Skip to main menu Skip to main content Skip to footer

Macular Holes

We Perform Macular Hole Surgery in Wilmington

Macular hole diagram

What Is a Macular Hole?

The eye functions much like a camera. It has a lens system in the front of the eye to focus light onto the “film” in the back of the eye, the retina. The light passes from the surface of the eye to the retina by passing through the clear vitreous gel that fills the inside of the eye.

As we age, the vitreous jelly in our eye turns to liquid. The vitreous pulls away from the retina as it liquefies. In a small percentage of people, as the vitreous separates, it exerts traction on the macula – the center of the retina that is responsible for our sharp, central vision functions such as reading small print, threading a needle or identifying small objects with fine detail. This tugging can ultimately lead to a hole forming in the center of the macula – a macular hole.

The Procedure

Prior to the early 1990s, there was no cure for macular holes. Different attempts were made to try to repair such holes surgically, with limited success. In the early 1990s, however, it was discovered that if the vitreous gel was removed surgically from the eye and the vitreous cavity was filled with a temporary gas bubble, the hole would seal itself, resulting in visual improvement. This requires face-down positioning to allow the gas bubble to press against the hole to help it close.

As we have improved techniques of hole closure during the last 10 years, face-down positioning time has been decreased, and the rate of hole closure has improved to 90 percent or greater. As with any surgery, there are surgical risks. These risks include cataract formation, retinal tears and detachment, failure of hole closure and infection or bleeding in the eye. With these relatively low risks, many patients elect to proceed with surgery with a realistic expectation of better vision when the repair is performed in a timely fashion.

Without treatment, the blind spot caused by the macular hole usually enlarges, and most patients’ ultimate visual acuity is 20/400 or worse (the size of the big “E” on the eye chart.) Macular holes rarely close without surgery. There is also approximately a 9- to 10-percent chance of a hole forming in the opposite eye with time.

Before Surgery: “Open” Macular Hole

Before Macular Hole Surgery

After Surgery: “Closed” Macular Hole

After Macular Hole Surgery

What to Expect

Macular hole surgery is done as an outpatient procedure and usually can be performed in one hour or less. The gas bubble that results from the surgery is slowly reabsorbed into the bloodstream over a period of two to eight weeks, depending on the concentration of gas that is used by your retinal specialist.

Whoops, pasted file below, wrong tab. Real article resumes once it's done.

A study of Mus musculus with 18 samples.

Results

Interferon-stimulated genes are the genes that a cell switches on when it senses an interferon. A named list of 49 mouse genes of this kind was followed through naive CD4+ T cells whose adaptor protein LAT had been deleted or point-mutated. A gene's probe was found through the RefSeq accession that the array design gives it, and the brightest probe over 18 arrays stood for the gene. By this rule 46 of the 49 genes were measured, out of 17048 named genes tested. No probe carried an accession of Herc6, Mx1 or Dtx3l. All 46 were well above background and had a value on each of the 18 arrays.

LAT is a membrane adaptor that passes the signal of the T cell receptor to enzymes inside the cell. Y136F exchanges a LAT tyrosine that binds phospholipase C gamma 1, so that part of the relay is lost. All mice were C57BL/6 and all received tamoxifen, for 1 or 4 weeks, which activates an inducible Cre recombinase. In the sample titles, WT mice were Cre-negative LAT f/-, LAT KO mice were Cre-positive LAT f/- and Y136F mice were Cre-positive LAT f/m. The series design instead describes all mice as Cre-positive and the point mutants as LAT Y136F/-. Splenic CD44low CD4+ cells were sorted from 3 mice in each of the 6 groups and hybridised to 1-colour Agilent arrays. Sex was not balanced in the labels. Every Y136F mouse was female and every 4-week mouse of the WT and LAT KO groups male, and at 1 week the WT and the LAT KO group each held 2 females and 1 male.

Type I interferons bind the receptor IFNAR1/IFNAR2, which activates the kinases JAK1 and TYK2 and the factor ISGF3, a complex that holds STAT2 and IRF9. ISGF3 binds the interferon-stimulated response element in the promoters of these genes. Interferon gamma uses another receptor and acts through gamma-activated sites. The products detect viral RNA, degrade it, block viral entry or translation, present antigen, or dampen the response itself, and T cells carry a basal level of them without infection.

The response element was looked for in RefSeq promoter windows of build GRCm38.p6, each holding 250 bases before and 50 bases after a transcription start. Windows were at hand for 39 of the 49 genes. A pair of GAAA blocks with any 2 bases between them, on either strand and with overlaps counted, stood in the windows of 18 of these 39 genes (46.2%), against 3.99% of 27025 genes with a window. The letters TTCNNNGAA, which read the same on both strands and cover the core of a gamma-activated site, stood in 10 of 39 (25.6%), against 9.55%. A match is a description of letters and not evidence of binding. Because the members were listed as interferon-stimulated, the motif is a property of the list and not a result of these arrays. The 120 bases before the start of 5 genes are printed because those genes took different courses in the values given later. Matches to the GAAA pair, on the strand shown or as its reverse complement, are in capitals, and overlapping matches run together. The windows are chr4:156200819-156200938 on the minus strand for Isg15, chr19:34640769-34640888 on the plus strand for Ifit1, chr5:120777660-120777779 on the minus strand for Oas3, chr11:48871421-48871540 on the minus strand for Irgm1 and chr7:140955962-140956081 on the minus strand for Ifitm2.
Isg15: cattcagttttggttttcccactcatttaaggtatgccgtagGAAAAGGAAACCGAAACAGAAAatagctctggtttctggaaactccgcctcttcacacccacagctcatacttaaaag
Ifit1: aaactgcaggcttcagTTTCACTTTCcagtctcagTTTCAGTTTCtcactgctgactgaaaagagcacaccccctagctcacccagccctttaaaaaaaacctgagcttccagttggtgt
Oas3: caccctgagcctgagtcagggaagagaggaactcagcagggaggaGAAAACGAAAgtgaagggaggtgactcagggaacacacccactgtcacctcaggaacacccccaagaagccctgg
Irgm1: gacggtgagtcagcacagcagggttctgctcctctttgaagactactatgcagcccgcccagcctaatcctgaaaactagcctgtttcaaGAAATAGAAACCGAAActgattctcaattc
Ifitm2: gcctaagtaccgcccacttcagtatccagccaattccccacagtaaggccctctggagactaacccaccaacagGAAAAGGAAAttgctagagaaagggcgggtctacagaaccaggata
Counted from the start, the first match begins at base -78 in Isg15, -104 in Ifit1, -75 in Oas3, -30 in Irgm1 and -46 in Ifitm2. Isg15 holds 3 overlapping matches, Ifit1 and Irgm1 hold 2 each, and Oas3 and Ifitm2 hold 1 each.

The eye refills itself with a watery fluid as the gas bubble is reabsorbed. The eye does not make more

vitreous gel. While the gas bubble is in the eye, the patient may not travel by air or inhale nitrous oxide (commonly used by dentists – “laughing gas”), as either of these activities will cause the gas in the eye to expand, often leading to pain and possible blindness.

To assist patients with the face-down positioning, there are positioning aids that may be rented from specialty companies. Ask your doctor for this contact information.

The most common side effect of macular hole repair is cataract formation that often requires surgery within six months of the macular hole repair. Please discuss this and other implications of surgery with your retinal specialist.

Commonly Asked Questions

If you have not had cataract surgery, you will likely develop a cataract and may need surgery in the next six to 12 months.

Retinal detachment occurs in one to two percent of patients and is usually repairable.

In general, rigorous face-down positioning is encouraged for seven to 10 days.

The gas bubble will slowly be absorbed by the body. It may persist in the vitreous space for as long as eight weeks.

Generally, you should not fly until the bubble is completely gone. Your doctor may allow you to travel by air sooner if it is safe to do so.

Manage Your Health Care Online

Easy to use, Convenient and Secure
  • Requesting appointments online
  • Exchange messages with our staff
  • View and manage your health information
  • Access medical forms and prepare pre-visit
click here

Pay Your Bill Online

To assist our patients navigate the bill paying process, we offer secure online bill pay available 24/7. It's easily accessible from any computer, tablet or smartphone.

click here
our locations

Wilmington Office

Cape Fear Retinal Associates
1104 Medical Center Drive
Wilmington, NC 28401

Supply Office

10 Doctors Circle Suite 1
Supply, NC 28462

Kenansville Office

Duplin Eye Associates, OD, PA
402 North Main Street
Kenansville, NC 28349

Whiteville Office

Coastal Vision Center
2183 James B. White Highway N
Whiteville, NC 28472

Annex Office

1098 Medical Center Drive
Wilmington, NC 28401

Patient Portal
Make a Payment
WARNING: Internet Explorer does not support modern web standards. This site may not function correctly on this browser and is best viewed on Chrome, Firefox or Edge browsers. Learn More.